Friday, July 22, 2016

Dom Flemons' Music Workshop at Cecil Sharp House

First break of the morning and it's coffee time. I'm catching up on She-Punks admin this morning and the kettle is on.

What a treat last night- I'd discovered that Dom, who was one third of the amazing North Carolina jug band The Carolina Chocolate Drops, was playing a gig at Cecil Sharp House and I logged on to buy a ticket- then saw the workshop and decided to do that instead. I run lots of workshops and barely attend any, apart for the guitar workshops that Martin runs, and I thought it would be a great experience to go along especially because of the promise to teach us how to play bones.

It was a sweltering evening but Dom was a genial and gracious host; he talked about his way of playing and how it links into a good performance; he showed us some licks on both guitar and banjo, recommended books to read and music to listen to, and then finally distributed sets of bones, made in Vermont, and taught us all how to clickety clack in unison in a response to him.
I wasn't the worst (that's my way of saying that I was almost the worst), but it was really good fun and I reckon at least five people are going to take it up seriously after last night.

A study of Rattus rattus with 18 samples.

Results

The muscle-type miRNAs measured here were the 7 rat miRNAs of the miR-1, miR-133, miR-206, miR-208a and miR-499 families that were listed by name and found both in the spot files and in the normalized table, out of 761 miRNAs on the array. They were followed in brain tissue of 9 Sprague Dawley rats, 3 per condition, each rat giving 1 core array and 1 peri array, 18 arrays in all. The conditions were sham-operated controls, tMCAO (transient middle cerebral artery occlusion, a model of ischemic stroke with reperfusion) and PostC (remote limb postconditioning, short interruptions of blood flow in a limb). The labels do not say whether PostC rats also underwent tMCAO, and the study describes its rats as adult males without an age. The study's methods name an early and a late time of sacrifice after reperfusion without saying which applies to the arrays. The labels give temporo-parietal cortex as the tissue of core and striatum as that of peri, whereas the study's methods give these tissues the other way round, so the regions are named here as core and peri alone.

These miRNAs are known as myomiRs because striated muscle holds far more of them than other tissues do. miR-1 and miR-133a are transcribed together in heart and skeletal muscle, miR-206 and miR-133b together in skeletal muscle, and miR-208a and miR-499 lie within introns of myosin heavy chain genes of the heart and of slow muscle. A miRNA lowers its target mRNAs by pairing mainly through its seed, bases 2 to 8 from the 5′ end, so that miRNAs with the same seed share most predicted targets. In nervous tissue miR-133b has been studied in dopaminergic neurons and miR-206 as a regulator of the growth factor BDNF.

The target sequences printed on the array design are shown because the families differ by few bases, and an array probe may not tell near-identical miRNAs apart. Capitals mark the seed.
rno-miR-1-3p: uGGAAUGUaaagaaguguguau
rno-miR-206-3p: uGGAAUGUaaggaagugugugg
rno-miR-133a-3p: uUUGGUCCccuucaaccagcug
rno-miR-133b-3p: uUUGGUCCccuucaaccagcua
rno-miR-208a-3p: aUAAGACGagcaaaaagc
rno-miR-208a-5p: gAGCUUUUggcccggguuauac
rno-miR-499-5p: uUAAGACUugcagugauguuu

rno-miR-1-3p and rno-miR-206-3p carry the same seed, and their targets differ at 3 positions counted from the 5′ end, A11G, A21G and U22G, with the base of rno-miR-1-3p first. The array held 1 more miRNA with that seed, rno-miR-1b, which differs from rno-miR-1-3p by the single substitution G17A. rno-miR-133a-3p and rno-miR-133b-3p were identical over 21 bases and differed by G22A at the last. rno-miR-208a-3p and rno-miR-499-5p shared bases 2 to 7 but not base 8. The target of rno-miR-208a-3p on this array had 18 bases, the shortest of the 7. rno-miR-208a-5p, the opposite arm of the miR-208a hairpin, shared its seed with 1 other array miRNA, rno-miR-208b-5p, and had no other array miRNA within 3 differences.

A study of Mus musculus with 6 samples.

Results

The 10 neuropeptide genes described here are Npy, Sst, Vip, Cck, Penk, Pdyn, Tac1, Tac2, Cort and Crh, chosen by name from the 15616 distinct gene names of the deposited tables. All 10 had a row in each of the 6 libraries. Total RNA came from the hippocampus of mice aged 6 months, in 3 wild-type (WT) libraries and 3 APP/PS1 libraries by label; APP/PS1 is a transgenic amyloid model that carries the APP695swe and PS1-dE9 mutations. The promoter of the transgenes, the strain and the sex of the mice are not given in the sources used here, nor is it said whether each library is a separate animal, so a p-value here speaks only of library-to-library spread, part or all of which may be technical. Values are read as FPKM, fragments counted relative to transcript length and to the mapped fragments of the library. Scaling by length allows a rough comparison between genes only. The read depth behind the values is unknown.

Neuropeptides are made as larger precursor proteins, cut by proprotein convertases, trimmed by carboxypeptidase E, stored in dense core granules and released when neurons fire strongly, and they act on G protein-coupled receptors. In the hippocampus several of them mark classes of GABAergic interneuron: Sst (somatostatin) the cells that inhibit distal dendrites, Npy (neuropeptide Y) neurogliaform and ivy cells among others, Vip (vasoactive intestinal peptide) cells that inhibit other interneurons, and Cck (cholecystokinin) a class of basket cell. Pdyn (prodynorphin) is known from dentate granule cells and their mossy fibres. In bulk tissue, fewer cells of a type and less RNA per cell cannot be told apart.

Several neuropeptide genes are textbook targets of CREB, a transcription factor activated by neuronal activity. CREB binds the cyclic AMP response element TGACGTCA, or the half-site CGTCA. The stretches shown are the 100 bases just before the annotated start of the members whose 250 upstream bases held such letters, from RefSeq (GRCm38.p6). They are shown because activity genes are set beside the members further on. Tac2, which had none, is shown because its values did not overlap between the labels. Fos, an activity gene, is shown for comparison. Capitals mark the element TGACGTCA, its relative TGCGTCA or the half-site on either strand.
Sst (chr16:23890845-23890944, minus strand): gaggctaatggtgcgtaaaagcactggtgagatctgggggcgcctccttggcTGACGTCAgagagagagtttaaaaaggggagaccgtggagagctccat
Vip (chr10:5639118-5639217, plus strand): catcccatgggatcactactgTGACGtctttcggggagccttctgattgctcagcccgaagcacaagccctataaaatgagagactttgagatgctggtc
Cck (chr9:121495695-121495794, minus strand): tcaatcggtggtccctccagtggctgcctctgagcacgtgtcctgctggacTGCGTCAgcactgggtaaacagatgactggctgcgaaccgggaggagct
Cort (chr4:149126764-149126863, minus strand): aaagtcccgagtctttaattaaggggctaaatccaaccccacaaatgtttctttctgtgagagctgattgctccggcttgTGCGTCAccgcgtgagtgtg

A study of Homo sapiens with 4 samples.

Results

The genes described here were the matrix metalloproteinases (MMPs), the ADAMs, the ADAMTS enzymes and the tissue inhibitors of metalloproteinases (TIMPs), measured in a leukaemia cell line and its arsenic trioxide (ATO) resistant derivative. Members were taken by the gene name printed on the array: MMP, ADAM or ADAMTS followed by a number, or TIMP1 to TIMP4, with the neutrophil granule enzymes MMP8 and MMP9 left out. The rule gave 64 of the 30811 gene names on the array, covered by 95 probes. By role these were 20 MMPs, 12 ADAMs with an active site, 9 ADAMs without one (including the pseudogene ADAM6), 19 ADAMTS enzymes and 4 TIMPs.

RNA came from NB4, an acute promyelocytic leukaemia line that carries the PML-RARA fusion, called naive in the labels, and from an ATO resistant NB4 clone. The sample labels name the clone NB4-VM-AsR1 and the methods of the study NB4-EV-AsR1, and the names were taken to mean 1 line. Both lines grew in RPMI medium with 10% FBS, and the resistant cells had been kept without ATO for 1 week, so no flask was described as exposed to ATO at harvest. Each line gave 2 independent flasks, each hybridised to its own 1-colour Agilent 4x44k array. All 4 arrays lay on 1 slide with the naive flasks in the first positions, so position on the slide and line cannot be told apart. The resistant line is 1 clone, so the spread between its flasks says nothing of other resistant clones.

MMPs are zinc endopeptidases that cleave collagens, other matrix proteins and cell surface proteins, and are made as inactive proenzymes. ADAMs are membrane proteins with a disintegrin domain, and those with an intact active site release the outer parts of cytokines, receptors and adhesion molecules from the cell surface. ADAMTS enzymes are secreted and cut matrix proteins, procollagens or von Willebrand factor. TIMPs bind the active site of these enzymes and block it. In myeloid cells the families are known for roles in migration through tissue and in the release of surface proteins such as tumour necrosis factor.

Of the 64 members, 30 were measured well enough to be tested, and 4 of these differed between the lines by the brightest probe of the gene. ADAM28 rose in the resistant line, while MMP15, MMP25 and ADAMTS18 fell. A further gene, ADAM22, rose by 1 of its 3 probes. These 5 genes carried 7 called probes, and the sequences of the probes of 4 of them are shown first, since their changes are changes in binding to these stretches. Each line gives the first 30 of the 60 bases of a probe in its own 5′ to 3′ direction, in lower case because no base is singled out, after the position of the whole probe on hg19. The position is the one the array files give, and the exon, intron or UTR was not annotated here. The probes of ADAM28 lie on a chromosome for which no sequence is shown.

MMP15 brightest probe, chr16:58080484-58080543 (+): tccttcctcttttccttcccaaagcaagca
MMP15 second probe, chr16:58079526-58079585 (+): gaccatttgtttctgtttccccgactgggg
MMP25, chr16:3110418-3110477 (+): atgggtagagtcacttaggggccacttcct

After a bit of prompting, Dom set off on a real bit of showmanship, showing us many different ways of creating rhythms with one hand, two hands.. could it be three?
With the speed of a juggler, he played 20s jazz rhythms, proto-spoons rhythms, all sorts of different styles and techniques. He told us about a chauffeur he'd met who had taken up the bones after seeing the Chocolate Drops and who had a set tucked into the top pocket of his uniform and did an impromptu demo for him in the street. Dom said that playing bones taught him an entirely different approach to playing guitar and banjo. It's a great sound: when it's done properly it sounds like tap-dancing.
I should have taken a photograph, shouldn't I? But it wasn't that sort of evening.
At the end, we had the opportunity to buy a set of bones and/or a CD and I didn't have enough money for both- although I did have an Anarchy Skiffle CD for him. He offered a CD swap, so I now have a set of bones and my poor neighbour will have to listen to a very strange clicking coming through the wall.
Good luck with the rest of the tour Dom, and thanks for a great evening!